A car alarm yanks me from sleep, because nobody is paying any attention to its yowling but me. I strain, listening toward the other bedrooms, worried that others have been bothered too and hear my son’s vocal tics faintly through several closed doors. I pray by reflex that his day won’t begin earlier than is best for everyone. The violence of his vocalizations have worked open wounds in us leaving nerves exposed and sensitive; this is our shabbiness, the look of once new clothes worn long and hard.
Caleb has fallen back asleep but I am now too awake to sleep. I get up and make coffee, mentally shift into my morning habit – slowly reaching for stillness. My mind drifts back to yesterday’s morning walk and the surprise of finding a bee swarm right there, hanging above my regular trail; how long have I been looking and not seeing it? All bees do not live in boxes, but they all do work with the ‘extras’ of an extravagant creation, like the ashy pollen from flowers.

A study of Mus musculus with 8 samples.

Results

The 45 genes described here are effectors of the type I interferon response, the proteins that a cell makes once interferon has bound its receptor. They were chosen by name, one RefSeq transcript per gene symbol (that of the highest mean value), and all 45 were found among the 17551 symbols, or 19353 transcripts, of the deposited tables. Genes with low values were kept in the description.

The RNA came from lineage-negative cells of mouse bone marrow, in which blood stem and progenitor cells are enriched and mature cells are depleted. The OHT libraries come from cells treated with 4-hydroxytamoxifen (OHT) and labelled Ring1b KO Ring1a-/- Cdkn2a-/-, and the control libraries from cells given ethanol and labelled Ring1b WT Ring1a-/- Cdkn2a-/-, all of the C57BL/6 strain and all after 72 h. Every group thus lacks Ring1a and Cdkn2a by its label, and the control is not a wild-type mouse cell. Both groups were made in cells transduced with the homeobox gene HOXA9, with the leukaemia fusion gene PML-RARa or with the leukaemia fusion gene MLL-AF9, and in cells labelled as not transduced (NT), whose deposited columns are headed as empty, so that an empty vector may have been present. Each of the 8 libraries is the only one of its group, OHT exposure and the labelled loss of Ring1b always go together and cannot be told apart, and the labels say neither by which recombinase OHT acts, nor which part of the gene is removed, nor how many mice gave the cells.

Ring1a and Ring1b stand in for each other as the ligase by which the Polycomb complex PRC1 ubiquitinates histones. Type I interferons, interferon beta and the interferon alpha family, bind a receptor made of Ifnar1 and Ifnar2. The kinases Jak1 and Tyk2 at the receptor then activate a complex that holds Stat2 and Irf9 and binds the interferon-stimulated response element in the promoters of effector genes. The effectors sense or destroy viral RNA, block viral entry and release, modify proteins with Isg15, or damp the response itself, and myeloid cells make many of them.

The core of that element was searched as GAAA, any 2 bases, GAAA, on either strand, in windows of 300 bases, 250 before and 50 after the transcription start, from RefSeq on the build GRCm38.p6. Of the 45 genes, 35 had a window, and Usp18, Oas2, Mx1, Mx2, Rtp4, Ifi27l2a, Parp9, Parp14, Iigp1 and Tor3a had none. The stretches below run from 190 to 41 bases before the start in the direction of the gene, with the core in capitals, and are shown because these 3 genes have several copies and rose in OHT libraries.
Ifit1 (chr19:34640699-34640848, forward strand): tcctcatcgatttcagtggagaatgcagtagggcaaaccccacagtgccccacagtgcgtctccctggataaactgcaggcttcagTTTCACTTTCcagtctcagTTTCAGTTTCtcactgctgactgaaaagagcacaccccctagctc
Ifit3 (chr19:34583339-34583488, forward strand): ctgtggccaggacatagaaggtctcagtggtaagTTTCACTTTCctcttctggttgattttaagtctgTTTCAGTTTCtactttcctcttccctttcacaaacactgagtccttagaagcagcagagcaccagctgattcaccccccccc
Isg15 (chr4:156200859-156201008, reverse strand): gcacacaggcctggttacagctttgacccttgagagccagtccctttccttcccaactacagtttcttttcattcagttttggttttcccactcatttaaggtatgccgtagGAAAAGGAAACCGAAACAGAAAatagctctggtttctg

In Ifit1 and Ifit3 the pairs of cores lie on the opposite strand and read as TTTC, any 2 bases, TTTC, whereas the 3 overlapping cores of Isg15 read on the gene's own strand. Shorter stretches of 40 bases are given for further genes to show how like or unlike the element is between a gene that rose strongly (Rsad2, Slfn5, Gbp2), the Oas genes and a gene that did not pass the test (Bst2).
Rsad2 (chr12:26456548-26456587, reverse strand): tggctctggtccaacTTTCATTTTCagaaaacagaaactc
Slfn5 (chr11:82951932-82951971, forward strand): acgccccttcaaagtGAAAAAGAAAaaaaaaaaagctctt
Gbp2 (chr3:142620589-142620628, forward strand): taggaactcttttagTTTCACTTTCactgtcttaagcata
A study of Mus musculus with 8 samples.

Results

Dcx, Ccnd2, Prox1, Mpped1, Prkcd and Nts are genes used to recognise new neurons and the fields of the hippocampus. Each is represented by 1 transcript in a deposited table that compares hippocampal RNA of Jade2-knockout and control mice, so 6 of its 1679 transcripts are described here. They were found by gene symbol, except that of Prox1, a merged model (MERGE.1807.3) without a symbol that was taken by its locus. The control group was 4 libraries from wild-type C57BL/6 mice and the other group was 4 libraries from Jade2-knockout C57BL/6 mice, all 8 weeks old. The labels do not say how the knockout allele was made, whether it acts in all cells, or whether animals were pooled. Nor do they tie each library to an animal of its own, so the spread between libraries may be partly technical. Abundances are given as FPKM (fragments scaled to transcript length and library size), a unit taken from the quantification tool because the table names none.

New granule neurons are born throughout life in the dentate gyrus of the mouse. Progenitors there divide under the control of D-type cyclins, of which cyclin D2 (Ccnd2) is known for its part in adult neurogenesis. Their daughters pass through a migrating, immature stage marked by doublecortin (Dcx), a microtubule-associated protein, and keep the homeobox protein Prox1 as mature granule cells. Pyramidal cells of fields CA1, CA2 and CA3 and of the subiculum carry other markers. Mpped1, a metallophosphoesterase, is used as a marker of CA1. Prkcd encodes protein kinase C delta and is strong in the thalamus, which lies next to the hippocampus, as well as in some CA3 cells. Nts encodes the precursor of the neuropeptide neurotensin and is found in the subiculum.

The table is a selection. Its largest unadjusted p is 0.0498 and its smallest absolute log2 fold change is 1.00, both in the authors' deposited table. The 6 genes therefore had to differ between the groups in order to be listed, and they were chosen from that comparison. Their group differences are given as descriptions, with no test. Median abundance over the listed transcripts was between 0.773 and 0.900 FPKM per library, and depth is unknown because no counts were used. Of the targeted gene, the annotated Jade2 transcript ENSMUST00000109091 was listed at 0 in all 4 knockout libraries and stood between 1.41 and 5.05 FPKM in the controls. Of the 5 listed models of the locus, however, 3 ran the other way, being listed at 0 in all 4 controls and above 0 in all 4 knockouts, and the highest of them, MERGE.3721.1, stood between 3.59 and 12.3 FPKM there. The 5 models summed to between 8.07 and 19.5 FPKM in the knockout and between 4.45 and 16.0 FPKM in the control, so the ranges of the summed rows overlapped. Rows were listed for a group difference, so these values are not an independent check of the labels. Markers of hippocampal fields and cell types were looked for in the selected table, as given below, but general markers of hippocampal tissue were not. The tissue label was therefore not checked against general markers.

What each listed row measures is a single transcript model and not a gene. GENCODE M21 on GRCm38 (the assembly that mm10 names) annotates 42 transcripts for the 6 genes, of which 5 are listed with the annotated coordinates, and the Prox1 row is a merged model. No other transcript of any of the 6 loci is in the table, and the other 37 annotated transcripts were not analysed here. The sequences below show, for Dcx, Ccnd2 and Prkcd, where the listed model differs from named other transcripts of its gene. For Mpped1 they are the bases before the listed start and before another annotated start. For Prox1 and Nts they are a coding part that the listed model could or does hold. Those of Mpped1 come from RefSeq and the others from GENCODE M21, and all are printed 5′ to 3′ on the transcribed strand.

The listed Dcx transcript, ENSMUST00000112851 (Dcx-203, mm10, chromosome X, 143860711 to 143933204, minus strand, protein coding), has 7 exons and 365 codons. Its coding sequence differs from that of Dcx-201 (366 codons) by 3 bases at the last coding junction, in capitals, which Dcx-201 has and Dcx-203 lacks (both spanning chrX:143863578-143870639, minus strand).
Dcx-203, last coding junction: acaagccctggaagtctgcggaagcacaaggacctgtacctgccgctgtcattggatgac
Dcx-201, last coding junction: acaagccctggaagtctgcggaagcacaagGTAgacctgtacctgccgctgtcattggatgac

beautiful and sweet.
Are there these transformation stations throughout creation? Am I one? Do we have the bee-like ability, a creaturely anointing, to take raw materials and transform them? Could the raw materials be as mean and rough as autism, vocal tics, ruptured routines and weary hearts? — as in, “…beauty from ashes, the oil of joy for mourning, a garment of praise for heaviness. “ * There is nothing after all, particularly beautiful about pollen; it can be quite menacing.
Pollen finds its grace in the crown of a flower. Where there is a pollen like dusting of weariness, grief or despair in my life, perhaps it is only evidence that I’ve been blooming courageously — or maybe just ‘bloomin’ courageous’!
© 2016 – Laurel Archer
*Isaiah 61: 3
PS – the swarm has been referred to the Langley Bee Club who will attempt to transfer and care for them appropriately.